PENS! Rollerball vs. Ballpoint vs. Gel


All have a delivery system whereby a moving ball at the tip picks up the ink and delivers ink to the paper surface. The difference lies is in the ink.

BALLPOINT PENS

A ballpoint pen has ink that is oil-based. It’s thicker, dries quickly and lasts longer. It is also less likely to bleed through the paper and it will typically be waterproof. But because it is thicker, it takes more pressure to write with a ballpoint, so hand or finger fatigue could become a factor if you’re writing for a long time. With ballpoint pens, you are limited to tip sizes and ink colours are also limited. 

Fun fact: a LAMY ballpoint refill will write a length equal to 12 km!

My Ballpoint Favourites:

  • Zebra F-301 0.7mm Ballpoint. Even though this pen is a 0.7mm, I feel that it writes with a much smaller nib with and I like a fine line writing instrument. Priced at $4.75





A rollerball pen has ink (or dye) that is water-based and it looks like a liquid when it comes out of the pen. Because this ink is water-based, it can bleed through some papers, so paper choice is important when using a rollerball. This ink is slower to dry and can lead to smudging when writing, especially for people who write lefthanded. Because the ink is runnier, it comes out of the pen faster and so the cartridge will empty faster than a ballpoint pen. It also takes less pressure to write with a rollerball and the pen seems to flow more smoothly.

My Rollerball Favourites:

  • Faber-Castell Free Ink Rollerball with a 1.5mm tip. Priced at $3.45





A gel pen has unique ink that fits between the ballpoint ink and rollerball ink in that it is a little thicker than rollberball ink because it is of a water-based gel consistency. This ink uses pigment instead of dye so there is a greater range of colour choices here. We also have more variety in tip sizes with very fine tips like 0.28 mm to 1.0 mm. Because the ink is a little thicker, it can clump and can skip while writing. But the gel pen will typically glide across the paper when you write and it tends to dry quicker than rollerball ink.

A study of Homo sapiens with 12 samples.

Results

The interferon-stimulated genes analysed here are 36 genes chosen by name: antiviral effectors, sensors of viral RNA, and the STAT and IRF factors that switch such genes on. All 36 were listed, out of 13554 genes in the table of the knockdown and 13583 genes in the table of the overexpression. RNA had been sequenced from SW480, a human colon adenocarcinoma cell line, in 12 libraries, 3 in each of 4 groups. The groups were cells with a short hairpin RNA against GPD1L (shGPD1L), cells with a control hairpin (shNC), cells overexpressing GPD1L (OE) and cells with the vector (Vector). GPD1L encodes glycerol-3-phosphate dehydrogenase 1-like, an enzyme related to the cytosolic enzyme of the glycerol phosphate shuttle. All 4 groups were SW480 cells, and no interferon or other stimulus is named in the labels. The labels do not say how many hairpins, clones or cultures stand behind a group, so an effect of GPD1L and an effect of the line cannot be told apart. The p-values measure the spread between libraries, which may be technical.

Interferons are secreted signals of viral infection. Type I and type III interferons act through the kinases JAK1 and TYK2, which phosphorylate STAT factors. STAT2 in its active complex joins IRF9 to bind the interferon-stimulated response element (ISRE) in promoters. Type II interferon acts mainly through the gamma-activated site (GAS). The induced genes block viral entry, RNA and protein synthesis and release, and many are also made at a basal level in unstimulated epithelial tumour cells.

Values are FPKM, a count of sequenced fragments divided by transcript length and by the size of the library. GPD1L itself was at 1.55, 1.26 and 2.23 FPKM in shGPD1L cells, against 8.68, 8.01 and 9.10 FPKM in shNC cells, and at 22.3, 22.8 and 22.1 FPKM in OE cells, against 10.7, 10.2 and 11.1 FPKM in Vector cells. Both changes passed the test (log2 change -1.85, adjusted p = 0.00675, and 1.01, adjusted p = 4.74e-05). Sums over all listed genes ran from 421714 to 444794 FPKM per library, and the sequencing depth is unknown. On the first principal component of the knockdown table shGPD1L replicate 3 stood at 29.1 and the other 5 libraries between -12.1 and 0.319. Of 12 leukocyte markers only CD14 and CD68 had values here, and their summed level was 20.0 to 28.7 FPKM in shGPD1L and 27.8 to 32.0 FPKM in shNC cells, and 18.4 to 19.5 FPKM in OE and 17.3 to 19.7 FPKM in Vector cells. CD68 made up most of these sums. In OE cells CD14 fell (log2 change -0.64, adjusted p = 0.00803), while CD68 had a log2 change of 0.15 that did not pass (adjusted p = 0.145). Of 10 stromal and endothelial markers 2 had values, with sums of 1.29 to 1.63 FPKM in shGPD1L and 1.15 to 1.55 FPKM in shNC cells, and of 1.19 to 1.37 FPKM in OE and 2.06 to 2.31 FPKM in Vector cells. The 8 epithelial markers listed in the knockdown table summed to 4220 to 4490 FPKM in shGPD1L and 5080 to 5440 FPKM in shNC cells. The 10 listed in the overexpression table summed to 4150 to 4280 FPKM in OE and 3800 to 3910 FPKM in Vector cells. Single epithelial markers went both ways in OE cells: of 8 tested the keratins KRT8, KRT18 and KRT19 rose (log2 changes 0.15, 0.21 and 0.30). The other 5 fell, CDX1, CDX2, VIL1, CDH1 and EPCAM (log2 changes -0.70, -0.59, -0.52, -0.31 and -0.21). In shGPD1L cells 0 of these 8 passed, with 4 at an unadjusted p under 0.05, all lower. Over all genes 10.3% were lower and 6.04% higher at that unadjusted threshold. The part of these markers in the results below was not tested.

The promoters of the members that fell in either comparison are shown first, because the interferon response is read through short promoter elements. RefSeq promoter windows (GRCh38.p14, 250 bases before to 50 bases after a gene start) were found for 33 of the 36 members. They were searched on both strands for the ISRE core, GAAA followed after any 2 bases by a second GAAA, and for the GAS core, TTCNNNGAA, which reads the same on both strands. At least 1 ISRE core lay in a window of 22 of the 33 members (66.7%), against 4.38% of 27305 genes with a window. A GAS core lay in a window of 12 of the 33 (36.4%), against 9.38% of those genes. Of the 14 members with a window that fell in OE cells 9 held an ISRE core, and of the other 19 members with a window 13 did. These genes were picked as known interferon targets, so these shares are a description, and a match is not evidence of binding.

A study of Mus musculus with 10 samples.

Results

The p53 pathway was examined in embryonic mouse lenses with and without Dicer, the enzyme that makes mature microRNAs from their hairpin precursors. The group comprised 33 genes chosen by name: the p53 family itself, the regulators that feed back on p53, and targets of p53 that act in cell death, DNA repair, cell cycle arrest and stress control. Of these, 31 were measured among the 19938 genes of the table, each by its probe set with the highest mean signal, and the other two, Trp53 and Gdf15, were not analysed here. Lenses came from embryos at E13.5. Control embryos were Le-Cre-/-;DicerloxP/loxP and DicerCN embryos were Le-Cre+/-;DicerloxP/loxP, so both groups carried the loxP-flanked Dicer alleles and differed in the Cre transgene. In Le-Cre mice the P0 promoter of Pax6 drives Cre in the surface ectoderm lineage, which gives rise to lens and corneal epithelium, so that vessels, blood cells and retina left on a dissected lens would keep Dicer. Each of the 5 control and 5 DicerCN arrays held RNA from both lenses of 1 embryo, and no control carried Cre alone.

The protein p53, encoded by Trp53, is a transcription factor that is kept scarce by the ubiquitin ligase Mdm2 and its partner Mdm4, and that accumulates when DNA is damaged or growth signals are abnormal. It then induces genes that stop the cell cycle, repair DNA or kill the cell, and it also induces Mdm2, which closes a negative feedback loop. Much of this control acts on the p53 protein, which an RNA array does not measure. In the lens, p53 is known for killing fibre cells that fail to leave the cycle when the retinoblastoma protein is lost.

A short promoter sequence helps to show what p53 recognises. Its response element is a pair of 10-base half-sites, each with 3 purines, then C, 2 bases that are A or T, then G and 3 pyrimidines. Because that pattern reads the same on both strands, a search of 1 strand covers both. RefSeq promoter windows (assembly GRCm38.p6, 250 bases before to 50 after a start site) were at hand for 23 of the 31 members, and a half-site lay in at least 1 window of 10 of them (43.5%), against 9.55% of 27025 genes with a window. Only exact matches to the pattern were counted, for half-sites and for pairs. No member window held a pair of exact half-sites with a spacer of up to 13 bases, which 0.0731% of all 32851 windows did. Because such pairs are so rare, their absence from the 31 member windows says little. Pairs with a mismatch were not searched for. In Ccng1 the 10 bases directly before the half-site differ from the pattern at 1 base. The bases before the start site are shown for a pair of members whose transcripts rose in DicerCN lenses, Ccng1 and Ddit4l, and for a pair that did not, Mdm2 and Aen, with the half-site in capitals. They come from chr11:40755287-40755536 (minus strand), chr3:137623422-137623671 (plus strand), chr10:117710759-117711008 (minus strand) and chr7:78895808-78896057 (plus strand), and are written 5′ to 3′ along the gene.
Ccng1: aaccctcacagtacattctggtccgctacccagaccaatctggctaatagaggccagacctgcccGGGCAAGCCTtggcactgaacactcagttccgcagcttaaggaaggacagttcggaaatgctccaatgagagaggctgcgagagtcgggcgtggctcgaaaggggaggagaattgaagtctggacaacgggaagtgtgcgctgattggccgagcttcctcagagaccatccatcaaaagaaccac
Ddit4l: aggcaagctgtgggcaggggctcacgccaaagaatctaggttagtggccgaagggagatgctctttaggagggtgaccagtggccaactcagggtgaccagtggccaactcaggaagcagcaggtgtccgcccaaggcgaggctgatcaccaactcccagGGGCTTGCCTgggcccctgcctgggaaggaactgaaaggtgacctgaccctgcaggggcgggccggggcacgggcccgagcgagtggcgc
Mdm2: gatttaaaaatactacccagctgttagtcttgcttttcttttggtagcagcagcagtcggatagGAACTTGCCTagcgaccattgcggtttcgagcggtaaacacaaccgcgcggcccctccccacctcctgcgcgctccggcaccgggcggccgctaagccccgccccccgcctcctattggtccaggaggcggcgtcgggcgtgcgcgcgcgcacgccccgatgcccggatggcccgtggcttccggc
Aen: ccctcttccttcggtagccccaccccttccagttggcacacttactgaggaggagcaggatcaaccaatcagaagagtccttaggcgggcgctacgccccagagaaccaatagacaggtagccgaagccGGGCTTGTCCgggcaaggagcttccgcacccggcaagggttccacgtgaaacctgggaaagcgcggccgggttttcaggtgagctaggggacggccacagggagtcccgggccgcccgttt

My Gel Pen Favourites:

  • Sakura Gelly Roll Gel Pen comes in regular, metallic and fluorescent colours. Priced from $1.99 to $2.60




Itoya has spent years developing the ProFolio Oasis series of notebooks. This Japanese-made paper is fountain-pen friendly, has a lay-flat binding and provides a wonderful writing experience, no matter what writing tool you use. Their proprietary dot-grid-line pattern is unique and allows you to write and draw creatively on each page. The Oasis Notebook is available in three different sizes, the Oasis Light notebook is lighter than most and the new Oasis Summit has index pages at the front and numbered pages throughout, making finding your notes a breeze. Price $29.99


If The Tip Stops Working and There is Still Ink in the Cartridge:

Pen cleaning tip. If there is still ink in your pen and the tip no longer works, try leaving the tip of the pen to sit in some Windex (with ammonia). Let the tip sit for about 30 seconds, wipe off the tip with a cloth and then try writing with it. What has happened is that the ink has clogged the ball and stopped it from moving. We need to try and remove this dried ink and get the ball moving again. The ammonia in the Windex will soften the dried ink and help to remove it. It the ball still doesn’t move, try moving the pen tip back and forth on a rubber surface, like the bottom of a shoe. This will try to force the pen tip to move and clear out the dried up ink. This is best done after the pen tip has soaked in Windex.